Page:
CLEVELAND — Indians fans have been at odds with Larry and Paul Dolan for quite a while now, but it’s a good bet they are pleased with ownership’s latest decision.
With six games left in a highly disappointing season, Cleveland fired Eric Wedge, bringing to an end a seven-year tenure for the much-maligned manager, who was handpicked by general manager Mark Shapiro.
Wedge and all of the Indians coaches were notified that they would not be brought back in 2010 prior to a doubleheader against the Chicago White Sox on Wednesday, but the manager and his staff will remain until the regular season is complete.
Wedge’s 561 career victories rank fifth on Cleveland’s all-time managerial list. But in his seven years at the helm, the club made just one playoff appearance, coming in 2007, when the Indians won the Central Division and came within a win of advancing to the World Series.
Wedge was named American League Manager of the Year after that season, but the Indians have gone in reverse the last two years. Cleveland finished third in 2008 and was expected to contend for a division title this year, but entered Wednesday a season-high 28 games under .500 and a game in front of the last-place Royals.
“The reality is that we weren’t happy with the way the team has performed since 2007,” said team president Paul Dolan, who was not accompanied by his father Larry for the news conference at Progressive Field. “We think that this decision will help us return to a winning form.”
Dolan said Wedge, 41, has been under review since the All-Star break, when the manager began to face criticism from fans and media for the club’s poor performance.
Dolan and Shapiro said the decision to dismiss Wedge was made recently, the manager and his staff being notified Tuesday night. Wedge informed his players Wednesday.
It was a foregone conclusion for many that Wedge would be dismissed once the season was complete, but the end came sooner than expected.
“As we examined everything and looked at the situation, we felt it was the right time to make a change with Eric and for our organization,” Shapiro said. “Accountability lies across the organization and, certainly, Eric is involved. In this game, situations often dictate decisions.
“A lot of different things went into the ultimate decision. At the end, we arrived collectively that it was the right time for a change.”
Wedge, who is still under contract through next season, was forced to operate under budget constraints with a mid-market club that has traded Cy Young Award winners in consecutive years.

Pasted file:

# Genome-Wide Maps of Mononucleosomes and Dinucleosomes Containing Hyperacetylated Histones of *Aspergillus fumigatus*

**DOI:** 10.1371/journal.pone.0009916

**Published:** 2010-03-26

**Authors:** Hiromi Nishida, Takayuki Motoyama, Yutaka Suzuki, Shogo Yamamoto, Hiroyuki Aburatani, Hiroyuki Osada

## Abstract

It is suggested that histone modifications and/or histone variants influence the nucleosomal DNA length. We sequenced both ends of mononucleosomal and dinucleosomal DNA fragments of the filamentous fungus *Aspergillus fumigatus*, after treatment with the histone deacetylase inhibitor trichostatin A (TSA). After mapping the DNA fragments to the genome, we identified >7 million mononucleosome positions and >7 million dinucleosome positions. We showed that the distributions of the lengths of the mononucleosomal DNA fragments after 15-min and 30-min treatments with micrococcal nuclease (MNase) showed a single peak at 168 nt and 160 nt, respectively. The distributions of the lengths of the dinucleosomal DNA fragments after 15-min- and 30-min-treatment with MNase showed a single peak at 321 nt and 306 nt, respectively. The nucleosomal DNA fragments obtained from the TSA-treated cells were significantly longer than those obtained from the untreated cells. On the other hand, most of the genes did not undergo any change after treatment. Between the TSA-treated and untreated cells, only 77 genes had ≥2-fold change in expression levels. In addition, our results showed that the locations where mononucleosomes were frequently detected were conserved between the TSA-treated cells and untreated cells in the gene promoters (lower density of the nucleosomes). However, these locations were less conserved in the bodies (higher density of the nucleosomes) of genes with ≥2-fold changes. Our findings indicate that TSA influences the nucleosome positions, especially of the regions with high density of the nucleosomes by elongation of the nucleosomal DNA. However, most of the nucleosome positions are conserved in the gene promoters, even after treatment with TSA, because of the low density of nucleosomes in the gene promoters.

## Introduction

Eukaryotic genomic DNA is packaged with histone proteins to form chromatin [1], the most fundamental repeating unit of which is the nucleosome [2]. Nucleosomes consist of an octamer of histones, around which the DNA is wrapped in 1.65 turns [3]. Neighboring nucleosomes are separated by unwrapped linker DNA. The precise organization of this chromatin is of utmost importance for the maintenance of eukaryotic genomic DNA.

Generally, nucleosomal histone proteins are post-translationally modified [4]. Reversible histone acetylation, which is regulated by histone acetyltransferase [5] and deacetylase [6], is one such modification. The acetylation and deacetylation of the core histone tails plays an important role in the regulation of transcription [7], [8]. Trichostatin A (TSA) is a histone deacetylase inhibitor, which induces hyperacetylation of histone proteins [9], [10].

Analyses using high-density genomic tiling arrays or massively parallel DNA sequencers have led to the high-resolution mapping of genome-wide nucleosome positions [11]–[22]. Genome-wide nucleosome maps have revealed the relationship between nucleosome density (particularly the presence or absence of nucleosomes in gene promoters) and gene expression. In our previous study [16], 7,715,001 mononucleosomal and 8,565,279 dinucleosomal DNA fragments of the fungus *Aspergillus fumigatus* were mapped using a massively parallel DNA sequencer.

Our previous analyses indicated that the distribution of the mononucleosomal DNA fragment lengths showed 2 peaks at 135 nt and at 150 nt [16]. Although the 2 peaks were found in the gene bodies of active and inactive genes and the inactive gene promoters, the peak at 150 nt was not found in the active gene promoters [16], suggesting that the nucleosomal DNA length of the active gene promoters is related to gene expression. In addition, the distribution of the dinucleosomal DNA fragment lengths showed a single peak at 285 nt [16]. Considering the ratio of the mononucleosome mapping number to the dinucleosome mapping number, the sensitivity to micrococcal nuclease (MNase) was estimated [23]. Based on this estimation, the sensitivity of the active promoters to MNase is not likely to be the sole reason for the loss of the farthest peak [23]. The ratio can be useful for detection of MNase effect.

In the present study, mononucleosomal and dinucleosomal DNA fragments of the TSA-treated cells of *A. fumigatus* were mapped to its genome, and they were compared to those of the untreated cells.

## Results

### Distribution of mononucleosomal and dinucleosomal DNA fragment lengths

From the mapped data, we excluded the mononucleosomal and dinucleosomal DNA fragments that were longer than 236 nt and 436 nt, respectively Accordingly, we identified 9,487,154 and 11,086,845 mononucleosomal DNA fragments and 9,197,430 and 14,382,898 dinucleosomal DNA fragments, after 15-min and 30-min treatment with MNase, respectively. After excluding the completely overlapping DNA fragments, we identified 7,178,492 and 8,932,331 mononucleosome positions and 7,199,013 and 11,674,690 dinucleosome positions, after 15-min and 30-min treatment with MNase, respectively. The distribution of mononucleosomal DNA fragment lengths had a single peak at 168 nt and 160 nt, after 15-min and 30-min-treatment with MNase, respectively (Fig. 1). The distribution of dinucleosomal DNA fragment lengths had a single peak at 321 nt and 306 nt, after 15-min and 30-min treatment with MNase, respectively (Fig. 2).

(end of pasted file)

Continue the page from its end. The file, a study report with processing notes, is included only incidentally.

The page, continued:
Still, he took full responsibility for the shortcomings of his club.
“There are real factors that led to this. I understand that,” said Wedge, who is the majors’ fifth-longest tenured manager with his current club. “I’m the manager of the team. It’s my job to go out and win ballgames. There isn’t an asterisk that says, ‘If you have this, then you can win.’ I take responsibility for this.
“It is more difficult and more challenging (without a competitive payroll), but it’s also more rewarding. What we came so close to doing in 2007, that’s pretty special. It doesn’t matter what type of team I have. It’s my job to work off them and win as many games as possible.”
Even after a successful 2007, Wedge was never able to endear himself to Cleveland fans.
“I don’t know why,” Shapiro said. “I thought they would when we hired him, because he’s very consistent with the values of northeast Ohio. He’s a blue collar guy. But this is an entertainment business. Maybe he wasn’t flamboyant enough. He kept his emotions inside and fans want to see that you wear them on your sleeves.”
Wedge may not have been respected by fans, but he had his players’ support, at least publicly.
“It’s tough,” Grady Sizemore said. “As a team, you don’t want to be in this situation. It’s a reflection on all of us. You can’t put anything on him. As a group, we’ve underachieved the last couple years. As a group, we just didn’t get it done. It’s not his fault, but it’s the business of the game.”
“I’ve learned a lot from him about life and about baseball,” Travis Hafner said. “It’s tough. He’s always been the same guy. He’s a pretty stable figure.”
Neither Shapiro nor Dolan would discuss potential replacements for Wedge, but names have surfaced, including Boston pitching coach and former Indians front office member John Farrell, and former manager and current ESPN analyst Buck Showalter. Former Cleveland manager Mike Hargrove might also be a candidate.
“Where you go from here, I don’t know,” Sizemore said. “It’s a matter of who’s available. Obviously, we have to find a guy that’s right for this team to take us to another level.”
Wedge by the numbers
- 1: Trip to the playoffs in seven seasons, and wins away from making the World Series in 2007.
- 2: Seasons over .500 in seven years; finished right at .500 (81-81) a year ago.
- 561: Wins as Indians manager, good for fifth most in team history.
- .497: Career winning percentage after Wednesday’s split with the White Sox.
- 1.25: As in million dollars, the amount he’s owed for the one year left on his contract.
Contact Chris Assenheimer at 329-7136 or firstname.lastname@example.org.